Part 3 of 8: The Family Farm of the Future
The social fabric of North America is largely built upon the family farm. However, recent trends have continued to distance many families’ involvement in their generational farming practices. Over the last century the cost of land, tools, materials and labour have increased dramatically while at the same time, price per unit of yield for many crops has plummeted.
Increasing production is the only way family farms have survived over the past thirty years. Assets that were handed down from generation to generation were leveraged and handed over to the bank due to many failed attempts to scale. If you are a music buff, the lyrics of John Mellencamp songs should be flooding your mind. But the fact of the matter is that Farm Aid, farm bills and tariffs could not create a fair playing field for the family farm in the way that modern technology and connectivity can.
Not Your Father’s Farm
Modern technology rooted in hyperscaler innovations and cost commoditization makes it now possible for nearly anyone to create massively efficient operational models. AI assisted monitoring of farm production from sources including images, soil sensors, weather stations, telemetry data, semi-autonomous machinery and drones is now accessible and actionable. In today’s world, moving from a mainframe-like “corporate farm” model to cloud-like serverless functions “boutique farm” models will make it possible for family farms to thrive.
Conversely, the legacy macro models of yesterday rely on mass seeding, superfluous pesticides and overharvesting with less control of production yields and quality. Even if you could produce the best quality grain prior to deregulation, the paths to market in the 1980s were very limited. But today, almost anyone can enter into production contracts for very specialized agreements thanks to services like Docusign. And because of the proliferation of IoT tools and devices, both producer and buyer can monitor quality controls in real time.
So what does this modern take on the family farm look like? Seeding is done specifically based on crop rotation schedules and soil conditions. Spraying, if needed at all, is achieved using drones (Precision.ai) that identify specific species of weeds and only target the unwanted plant. Harvesting is scheduled based on predictive analytics models and the weather. Farmers can utilize semi-autonomous equipment, now available “as a service,” to increase capital efficiency and reduce their carbon footprint. All of this is now possible… if data connectivity is trusted, available and meets the performance requirements of these widely varying use cases.
Building a “Connected” Family Farm
Cellular data should be the primary method of connectivity for a family farm operation. WiFi lacks the range and packet efficiency required. Wired connections simply aren’t practical outside of the farm office or backhaul where available. And though recent innovations in satellite technology have driven down costs, it remains very expensive outside of specific machine bound units or as backhaul (of last resort).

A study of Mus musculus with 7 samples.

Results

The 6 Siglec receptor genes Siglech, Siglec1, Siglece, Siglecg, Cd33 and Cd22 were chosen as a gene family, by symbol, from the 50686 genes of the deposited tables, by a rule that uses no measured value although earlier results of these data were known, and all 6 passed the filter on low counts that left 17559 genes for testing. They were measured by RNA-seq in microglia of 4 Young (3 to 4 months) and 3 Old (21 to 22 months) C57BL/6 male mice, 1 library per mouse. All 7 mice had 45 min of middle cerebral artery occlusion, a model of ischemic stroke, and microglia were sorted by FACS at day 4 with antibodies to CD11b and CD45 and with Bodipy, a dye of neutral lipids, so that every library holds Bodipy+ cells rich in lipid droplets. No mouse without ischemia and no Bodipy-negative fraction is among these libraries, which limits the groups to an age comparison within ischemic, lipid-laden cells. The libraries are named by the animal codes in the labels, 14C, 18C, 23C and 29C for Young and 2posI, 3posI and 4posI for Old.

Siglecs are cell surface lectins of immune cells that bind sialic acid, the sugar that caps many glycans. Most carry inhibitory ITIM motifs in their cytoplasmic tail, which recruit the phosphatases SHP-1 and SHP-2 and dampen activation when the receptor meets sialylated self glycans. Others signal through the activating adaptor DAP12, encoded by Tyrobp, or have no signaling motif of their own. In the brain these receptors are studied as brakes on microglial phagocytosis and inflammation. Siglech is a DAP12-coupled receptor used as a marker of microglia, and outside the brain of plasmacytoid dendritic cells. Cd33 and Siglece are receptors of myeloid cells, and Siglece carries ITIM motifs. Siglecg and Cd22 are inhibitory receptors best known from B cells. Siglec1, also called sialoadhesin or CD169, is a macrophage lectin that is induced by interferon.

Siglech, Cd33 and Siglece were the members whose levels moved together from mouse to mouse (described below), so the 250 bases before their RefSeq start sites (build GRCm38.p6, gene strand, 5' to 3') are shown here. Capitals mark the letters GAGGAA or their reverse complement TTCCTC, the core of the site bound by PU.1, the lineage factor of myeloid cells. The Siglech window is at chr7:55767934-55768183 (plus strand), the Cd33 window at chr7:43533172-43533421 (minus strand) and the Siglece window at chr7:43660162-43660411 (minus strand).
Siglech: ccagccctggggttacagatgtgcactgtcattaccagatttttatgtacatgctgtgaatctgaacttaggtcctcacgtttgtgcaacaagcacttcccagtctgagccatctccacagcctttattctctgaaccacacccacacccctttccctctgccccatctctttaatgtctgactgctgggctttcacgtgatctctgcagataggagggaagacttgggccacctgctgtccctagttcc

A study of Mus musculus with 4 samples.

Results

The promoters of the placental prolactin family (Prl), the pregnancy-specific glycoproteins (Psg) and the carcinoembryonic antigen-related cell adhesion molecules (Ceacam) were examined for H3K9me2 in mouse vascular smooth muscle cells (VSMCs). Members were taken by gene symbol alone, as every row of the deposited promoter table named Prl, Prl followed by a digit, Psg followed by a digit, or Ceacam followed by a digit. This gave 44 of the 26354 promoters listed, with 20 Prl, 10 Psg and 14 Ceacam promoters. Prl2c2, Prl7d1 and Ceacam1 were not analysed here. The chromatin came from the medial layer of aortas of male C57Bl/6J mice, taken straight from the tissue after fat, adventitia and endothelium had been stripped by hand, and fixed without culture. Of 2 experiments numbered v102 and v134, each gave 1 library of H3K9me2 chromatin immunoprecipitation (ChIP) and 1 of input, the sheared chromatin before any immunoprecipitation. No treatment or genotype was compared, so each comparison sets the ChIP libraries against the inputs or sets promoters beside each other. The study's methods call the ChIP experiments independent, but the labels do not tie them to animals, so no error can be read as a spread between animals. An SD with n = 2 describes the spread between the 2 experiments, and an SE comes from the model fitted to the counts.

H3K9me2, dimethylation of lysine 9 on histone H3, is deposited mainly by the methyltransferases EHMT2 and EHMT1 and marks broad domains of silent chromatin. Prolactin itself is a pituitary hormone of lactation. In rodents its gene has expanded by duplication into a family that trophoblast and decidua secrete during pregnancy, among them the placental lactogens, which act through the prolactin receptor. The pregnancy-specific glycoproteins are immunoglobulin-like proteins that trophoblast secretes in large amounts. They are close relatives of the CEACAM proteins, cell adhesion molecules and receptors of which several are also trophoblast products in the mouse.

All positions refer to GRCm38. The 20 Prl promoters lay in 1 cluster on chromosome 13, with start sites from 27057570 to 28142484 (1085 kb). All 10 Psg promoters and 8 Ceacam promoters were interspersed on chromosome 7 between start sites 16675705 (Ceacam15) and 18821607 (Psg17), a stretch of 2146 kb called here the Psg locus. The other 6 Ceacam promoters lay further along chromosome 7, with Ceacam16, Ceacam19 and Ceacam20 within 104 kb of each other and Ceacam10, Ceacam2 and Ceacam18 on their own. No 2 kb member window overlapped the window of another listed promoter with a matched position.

On the other hand, cellular data services can now be deployed quickly, cost effectively and like WiFi, they are easier than ever to manage. Producers on the family farm can deploy their own SIM cards (or eSIM), Radio Access Networks (RAN) such as CBRS in the USA and core network services right on the farm (near edge) or cloud.
With Expeto, producers can even “roam off” from family farm private cellular coverage onto existing nationwide cellular coverage without losing control of the data path. This wealth of capability is providing a previously unimaginable ability for the family farm to execute efficiently. “Zero to One” (Peter Theil) experiments with various production contract models that concentrate on the unique properties and competitive advantage of a specific family farm are now fast and efficient. Everything outside of the specific core competency of an individual family farm should be utilized “as a Service” where possible.
The Time is Now
Food production is a matter of national security which impacts society in both the short and long term. As such, this need to push the family farm into the future is essential. Making modern farming practices as described a reality will take a good amount of technology awareness, education and adoption – but above all else, accessibility. The entire “art of the possible” model falls apart without trusted, available, efficient and performant wireless connectivity. Making the Private Mobile Network (PMN) accessible is essential so each producer can have control to make specific choices. Having “Your network, your way” is the critical path forward to ensure global food security produced by thriving family farms.
To read more in Brian Baird’s Shadow OT series, click below!